Recent amendments to Angolan law aim to attract and facilitate much needed domestic and foreign investment.
Angola is an economy essentially based in the oil sector, and the Government has understood that for sustainable domestic growth, they have to diversify investments into areas such as agriculture, infrastructure and tourism, says João Robles, Head of the Angola practice at F. Castelo Branco & Associados in Lisbon.
While Angola’s high international investment continues, domestically, it’s a different story. The Government has therefore introduced significant changes to the country’s legal system to better facilitate the entry of foreign investors.
Angola’s tax legislation has been amended to make its tax system more effective and provide investors with a level of security, says Robles. “Previous laws were in force for over 30 years and they desperately needed modernising.”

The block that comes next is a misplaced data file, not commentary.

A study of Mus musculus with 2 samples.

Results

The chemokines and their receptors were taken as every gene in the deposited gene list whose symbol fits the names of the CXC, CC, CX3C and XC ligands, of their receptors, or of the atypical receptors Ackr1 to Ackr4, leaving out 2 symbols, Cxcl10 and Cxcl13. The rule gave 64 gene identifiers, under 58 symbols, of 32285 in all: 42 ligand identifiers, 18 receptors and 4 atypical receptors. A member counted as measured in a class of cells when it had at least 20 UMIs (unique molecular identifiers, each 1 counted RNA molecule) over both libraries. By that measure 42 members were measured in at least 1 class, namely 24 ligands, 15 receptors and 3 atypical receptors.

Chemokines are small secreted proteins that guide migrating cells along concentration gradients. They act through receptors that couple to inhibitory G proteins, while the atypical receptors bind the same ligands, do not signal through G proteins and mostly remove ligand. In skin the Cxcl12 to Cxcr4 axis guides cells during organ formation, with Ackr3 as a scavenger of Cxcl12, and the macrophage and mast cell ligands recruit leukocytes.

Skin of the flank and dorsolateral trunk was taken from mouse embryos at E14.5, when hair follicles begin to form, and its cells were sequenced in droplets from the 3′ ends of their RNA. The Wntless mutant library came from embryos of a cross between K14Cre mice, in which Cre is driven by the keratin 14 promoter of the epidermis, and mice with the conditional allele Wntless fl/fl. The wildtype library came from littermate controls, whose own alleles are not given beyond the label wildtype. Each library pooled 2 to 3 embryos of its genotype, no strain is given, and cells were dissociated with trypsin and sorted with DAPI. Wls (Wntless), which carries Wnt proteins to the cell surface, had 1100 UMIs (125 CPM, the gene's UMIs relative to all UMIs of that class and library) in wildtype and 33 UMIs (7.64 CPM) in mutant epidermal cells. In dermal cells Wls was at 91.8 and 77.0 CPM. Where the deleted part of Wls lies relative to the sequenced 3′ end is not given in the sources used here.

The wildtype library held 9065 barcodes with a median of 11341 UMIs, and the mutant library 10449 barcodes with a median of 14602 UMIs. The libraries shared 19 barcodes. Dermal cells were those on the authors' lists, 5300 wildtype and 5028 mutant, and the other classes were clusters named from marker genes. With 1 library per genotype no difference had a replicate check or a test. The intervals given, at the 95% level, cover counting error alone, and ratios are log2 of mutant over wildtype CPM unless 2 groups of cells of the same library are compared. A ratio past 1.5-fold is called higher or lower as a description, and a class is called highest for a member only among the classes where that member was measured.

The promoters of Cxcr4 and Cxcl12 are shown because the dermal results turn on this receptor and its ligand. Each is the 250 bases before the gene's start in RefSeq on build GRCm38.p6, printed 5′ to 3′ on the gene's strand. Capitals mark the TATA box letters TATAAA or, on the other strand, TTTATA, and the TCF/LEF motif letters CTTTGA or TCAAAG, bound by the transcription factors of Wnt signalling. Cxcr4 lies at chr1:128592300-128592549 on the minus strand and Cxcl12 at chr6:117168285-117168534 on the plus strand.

There have also been changes to the foreign exchange legislation, namely the Regulation Applicable to Services Agreements. “Most partnerships in Angola are based on service agreements, so this has wide ranging implications.”
As the previous system was very informal, Robles adds, this, together with the recent new law applicable to private investments, represents a major achievement for the Angolan economy, very simply because it gives security to investors that was lacking.
“They are now assured that their investments will be protected as long as they are willing to honestly invest in the country and in the areas considered as priorities by the Angolan Government,” he explains.
In June 2012, the Sole Shareholding Regulation was approved,whereby a company can have only one shareholder. “This is significant because an investor can now come into Angola alone.”
There is clearly now a will on the part of the Government to attract foreign investment in a much more structured and consistent way, he says. Whether this will have the desired effect, however, remains to be seen.